The end of the Second Amendment?

Everyone understands that our constitutional rights are not unlimited. The right to peaceably assemble does not give us the right to violate the fire code, the right to lobby our elected officials does not include the right to scream into a bullhorn outside an elected official’s bedroom window at 4:00 a.m. and the right to keep and bear arms does not include people in prison.

It is reasonable, then, that some people convicted of violent felonies would be forbidden from owning firearms. (Even that should not be a blanket lifetime prohibition, because not all crimes are the same and not all crimes have the same circumstances.) But the case against Lisa Folajtar is not one of a violent crime. She was convicted of tax evasion. There is no public safety reason to ban her from owning firearms for life.

The logic of banning anyone who has been convicted of a crime from owning firearms could literally be the effective end of the Second Amendment if the Supreme Court and/or Congress and state legislatures do not step up and protect our rights. As the Institute for Policy Studies notes, “the average American professional commits about three felonies a day.” It would be very easy to target someone and then convict her of a “felony” in order to disarm her.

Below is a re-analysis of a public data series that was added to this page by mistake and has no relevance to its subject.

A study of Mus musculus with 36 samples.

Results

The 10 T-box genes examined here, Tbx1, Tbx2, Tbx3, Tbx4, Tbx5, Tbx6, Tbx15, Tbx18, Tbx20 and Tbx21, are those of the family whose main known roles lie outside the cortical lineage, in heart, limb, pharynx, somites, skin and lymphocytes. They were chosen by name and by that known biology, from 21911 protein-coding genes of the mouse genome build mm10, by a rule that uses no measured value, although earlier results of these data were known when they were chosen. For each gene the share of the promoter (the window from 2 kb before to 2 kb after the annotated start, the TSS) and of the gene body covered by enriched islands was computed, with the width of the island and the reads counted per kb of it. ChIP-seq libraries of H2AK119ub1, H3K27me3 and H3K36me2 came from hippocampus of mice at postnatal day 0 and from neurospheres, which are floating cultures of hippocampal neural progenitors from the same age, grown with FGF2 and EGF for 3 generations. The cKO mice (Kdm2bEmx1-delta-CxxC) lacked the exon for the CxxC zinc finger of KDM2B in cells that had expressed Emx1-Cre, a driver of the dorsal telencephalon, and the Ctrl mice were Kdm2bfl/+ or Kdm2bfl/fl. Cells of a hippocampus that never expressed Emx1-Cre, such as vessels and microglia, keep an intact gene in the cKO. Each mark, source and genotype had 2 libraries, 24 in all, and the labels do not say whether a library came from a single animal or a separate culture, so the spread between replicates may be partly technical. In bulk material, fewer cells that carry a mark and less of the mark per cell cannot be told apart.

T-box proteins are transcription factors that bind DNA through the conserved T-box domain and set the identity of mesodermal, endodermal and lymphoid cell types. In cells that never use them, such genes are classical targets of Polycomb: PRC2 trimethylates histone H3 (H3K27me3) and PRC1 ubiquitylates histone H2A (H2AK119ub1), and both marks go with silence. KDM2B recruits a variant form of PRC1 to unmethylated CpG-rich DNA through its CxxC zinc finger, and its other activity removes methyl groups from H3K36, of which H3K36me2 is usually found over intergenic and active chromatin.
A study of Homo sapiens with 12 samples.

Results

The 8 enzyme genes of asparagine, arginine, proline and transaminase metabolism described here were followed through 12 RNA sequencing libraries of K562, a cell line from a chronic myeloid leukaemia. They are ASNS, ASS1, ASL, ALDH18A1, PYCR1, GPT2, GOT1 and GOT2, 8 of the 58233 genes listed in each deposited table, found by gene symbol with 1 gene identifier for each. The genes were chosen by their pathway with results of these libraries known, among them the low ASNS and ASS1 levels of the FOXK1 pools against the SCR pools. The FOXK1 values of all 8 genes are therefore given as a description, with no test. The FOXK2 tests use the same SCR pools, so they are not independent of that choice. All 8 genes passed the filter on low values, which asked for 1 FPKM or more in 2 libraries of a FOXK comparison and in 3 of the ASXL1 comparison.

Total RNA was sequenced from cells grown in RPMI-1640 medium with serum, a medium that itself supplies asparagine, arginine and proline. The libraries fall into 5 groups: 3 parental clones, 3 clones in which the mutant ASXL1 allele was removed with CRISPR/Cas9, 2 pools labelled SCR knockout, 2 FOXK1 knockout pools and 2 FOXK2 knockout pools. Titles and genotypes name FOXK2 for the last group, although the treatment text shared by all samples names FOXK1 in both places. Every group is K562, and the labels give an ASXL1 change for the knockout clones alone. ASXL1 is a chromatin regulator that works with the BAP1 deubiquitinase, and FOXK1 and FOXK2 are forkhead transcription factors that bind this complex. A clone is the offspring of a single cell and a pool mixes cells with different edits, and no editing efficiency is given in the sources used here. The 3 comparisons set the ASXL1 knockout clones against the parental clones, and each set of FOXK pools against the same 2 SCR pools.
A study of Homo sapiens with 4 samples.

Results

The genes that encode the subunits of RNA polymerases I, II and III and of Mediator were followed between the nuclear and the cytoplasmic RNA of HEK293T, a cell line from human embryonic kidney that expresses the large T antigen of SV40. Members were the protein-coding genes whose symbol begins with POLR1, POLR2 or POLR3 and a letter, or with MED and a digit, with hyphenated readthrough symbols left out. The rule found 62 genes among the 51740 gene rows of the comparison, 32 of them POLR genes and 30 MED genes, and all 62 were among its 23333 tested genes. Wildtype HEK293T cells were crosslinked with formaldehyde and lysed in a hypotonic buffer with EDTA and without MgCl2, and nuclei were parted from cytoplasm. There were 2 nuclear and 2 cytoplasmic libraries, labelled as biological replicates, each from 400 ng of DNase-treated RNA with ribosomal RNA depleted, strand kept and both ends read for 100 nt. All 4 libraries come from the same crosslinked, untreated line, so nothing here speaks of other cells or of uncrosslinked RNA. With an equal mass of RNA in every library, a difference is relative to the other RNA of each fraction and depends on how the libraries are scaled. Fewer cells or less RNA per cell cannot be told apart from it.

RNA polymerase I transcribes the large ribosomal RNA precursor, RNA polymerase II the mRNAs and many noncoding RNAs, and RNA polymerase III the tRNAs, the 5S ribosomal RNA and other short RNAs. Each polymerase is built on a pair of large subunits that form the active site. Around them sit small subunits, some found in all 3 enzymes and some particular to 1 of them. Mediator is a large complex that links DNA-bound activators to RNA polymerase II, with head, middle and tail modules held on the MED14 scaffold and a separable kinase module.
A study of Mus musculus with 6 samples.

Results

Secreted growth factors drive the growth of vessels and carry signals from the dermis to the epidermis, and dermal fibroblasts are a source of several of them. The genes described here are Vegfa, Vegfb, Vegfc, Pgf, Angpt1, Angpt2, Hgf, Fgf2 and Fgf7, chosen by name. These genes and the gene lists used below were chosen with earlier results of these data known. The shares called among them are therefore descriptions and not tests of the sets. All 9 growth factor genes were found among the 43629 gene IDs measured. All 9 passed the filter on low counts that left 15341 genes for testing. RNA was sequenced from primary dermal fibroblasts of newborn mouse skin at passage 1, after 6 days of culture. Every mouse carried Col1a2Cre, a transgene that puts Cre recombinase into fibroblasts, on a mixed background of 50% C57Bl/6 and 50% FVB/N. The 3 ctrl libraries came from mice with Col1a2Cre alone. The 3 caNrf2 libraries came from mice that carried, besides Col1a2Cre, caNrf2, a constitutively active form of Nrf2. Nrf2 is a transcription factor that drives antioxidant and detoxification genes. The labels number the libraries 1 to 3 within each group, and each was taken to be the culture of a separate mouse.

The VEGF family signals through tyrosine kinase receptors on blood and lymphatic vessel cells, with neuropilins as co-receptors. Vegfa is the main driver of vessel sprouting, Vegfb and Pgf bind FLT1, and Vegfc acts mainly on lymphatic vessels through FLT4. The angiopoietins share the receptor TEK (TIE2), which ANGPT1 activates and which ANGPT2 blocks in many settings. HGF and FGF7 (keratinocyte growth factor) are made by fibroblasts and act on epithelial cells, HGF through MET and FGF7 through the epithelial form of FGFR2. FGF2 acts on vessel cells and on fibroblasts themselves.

Obviously, over-criminalization is a severe threat to our Second Amendment rights. But even if we were to magically eliminate that specific threat, over-criminalization is a huge problem in every area of life. People could go to prison without any knowledge that they committed a crime at all and no intent to commit a crime. Criminal records can destroy employment prospects, raising public assistance costs and removing someone from the tax base.

We need criminal justice reform. Every criminal code needs to be examined, and then action should be taken to remove unnecessary laws. Since the laws are so byzantine, perhaps the best solution is to rewrite our criminal code from the ground up, repealing all existing criminal laws with a new set of laws. Certainly, many laws that specify federal crimes should be repealed, leaving criminal justice to the states where it belongs in our federalist system. We should vote for candidates who support these needed reforms.